By Donna Ahern
Irish Shoppers Threw Away €365 Worth Of Food Each During Lockdowns, Research Shows

A new study conducted by Coyne Research on behalf of Aldi has found that Irish shoppers threw away almost €365 worth of food each during the Covid-19 lockdowns.

According to the research, a third of Irish adults (36%) bought more food during the lockdowns, with one in three of these adults stating they wasted or threw out more food during lockdown restrictions compared to pre-pandemic times.

The study revealed that, despite food wastage increasing nationwide, three out of 10 adults reported knowing someone who struggled to buy food, had to make sacrifices to pay for food, or had to avail of a food bank during the lockdowns. 

Demand Increase

The study findings reflect FoodCloud’s experience, as the organisation witnessed a huge surge in demand for its surplus food redistribution services since the onset of the Covid-19 pandemic, with demand almost doubling, while some charities had to reduce or limit services.


Between March 2020 and August 2021, charities sought 53% more food donations compared to the previous 18 months, with 4,822 tonnes of food, equating to 11.5 million meals, distributed through retail partners and FoodCloud hubs during this time.

Food for Good

To help combat the heightened pressure on FoodCloud’s services, Aldi announced plans to launch its 2021 Food for Good campaign, whereby shoppers can buy and leave food donations in their local Aldi store, which will be collected and distributed to local charities by FoodCloud.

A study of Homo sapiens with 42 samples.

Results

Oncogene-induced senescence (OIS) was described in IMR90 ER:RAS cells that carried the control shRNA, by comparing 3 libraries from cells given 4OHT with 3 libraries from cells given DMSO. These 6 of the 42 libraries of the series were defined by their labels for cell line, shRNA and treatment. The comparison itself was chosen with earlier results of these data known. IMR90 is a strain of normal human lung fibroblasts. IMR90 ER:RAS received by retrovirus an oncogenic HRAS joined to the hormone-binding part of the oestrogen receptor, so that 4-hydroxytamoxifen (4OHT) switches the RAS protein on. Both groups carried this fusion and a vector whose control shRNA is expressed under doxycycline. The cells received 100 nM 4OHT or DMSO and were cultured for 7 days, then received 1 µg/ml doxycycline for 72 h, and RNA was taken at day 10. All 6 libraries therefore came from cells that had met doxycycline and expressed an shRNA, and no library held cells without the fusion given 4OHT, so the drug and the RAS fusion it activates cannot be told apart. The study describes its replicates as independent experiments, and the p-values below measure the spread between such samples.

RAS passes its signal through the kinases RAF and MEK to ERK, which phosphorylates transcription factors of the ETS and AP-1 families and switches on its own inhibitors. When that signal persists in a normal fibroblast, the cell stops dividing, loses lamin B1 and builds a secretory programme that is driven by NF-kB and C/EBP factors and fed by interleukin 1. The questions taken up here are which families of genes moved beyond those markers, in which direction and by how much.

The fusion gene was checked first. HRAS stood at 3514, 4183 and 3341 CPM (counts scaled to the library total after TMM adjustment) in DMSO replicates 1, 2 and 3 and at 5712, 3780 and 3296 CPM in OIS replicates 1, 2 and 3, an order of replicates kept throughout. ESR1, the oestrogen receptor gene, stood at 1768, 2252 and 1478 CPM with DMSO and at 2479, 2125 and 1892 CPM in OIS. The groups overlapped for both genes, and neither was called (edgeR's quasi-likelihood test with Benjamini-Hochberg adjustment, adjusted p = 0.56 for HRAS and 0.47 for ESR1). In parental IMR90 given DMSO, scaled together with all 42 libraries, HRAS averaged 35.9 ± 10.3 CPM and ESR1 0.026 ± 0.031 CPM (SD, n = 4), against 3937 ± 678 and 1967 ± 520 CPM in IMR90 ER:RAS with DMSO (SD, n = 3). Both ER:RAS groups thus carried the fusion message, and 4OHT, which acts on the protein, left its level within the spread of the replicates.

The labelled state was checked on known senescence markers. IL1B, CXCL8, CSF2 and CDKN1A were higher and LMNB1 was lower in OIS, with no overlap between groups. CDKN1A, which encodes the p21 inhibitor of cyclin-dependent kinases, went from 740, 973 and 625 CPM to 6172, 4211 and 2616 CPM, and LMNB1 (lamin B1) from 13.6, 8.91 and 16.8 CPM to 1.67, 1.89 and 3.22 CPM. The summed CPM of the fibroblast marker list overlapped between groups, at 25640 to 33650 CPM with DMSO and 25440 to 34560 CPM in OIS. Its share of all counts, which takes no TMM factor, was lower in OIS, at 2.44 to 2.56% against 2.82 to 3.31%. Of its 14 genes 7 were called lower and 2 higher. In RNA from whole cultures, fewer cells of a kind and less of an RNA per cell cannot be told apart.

From Monday, 4 October until Sunday, 10 October, Aldi shoppers can donate an extra non-perishable food item to one of the specially designed ‘Food for Good’ drop-off points that will be appearing across Aldi’s 148 stores nationwide.

Announcing the Food for Good campaign, John Curtin, buying director, Aldi Group, commented, “It is clear from our survey and FoodCloud’s experience that Covid-19 has exacerbated the issues of food waste and food insecurity. 


"Aldi was the first retailer to donate non-surplus food to FoodCloud at the height of the pandemic and is committed to playing its role in continuing to support FoodCloud to combat these problems through Food for Good,” he said.

Curtin added, “We are asking Aldi shoppers to help us by making a donation at our stores. The food donated will be distributed to over 233 partner charities across Ireland, making sure it helps those most in need.”

 'Negative Impact'

Aoibheann O’Brien, co-founder and partnerships director, FoodCloud, said this study showed that food waste was an issue in homes across the country in 2020 and that wasting good food has a negative impact on both the climate and our pockets.

"We should look to avoid all food wastage where possible when we think that 3 in 10 within our communities are struggling to access food," she said.


"It is great to see campaigns like Food for Good supporting both the message of food waste reduction and highlighting that there are those facing food insecurity, as it is a problem that has been hidden with the pandemic and one that sadly has the potential to increase with the cessation of government employment payments." 

The following non-perishable items are requested as donations for the 2021 Food for Good campaign: Cereals, Porridge Oats, Cooking Sauces, Instant Coffee, Teabags, Pasta, Rice, Canned Food, Sweet Treats and Soft Drinks.

2021 Checkout – your source for the latest Irish retail news. Article by Donna Ahern. For more retail news click here. Click sign up to subscribe to Checkout.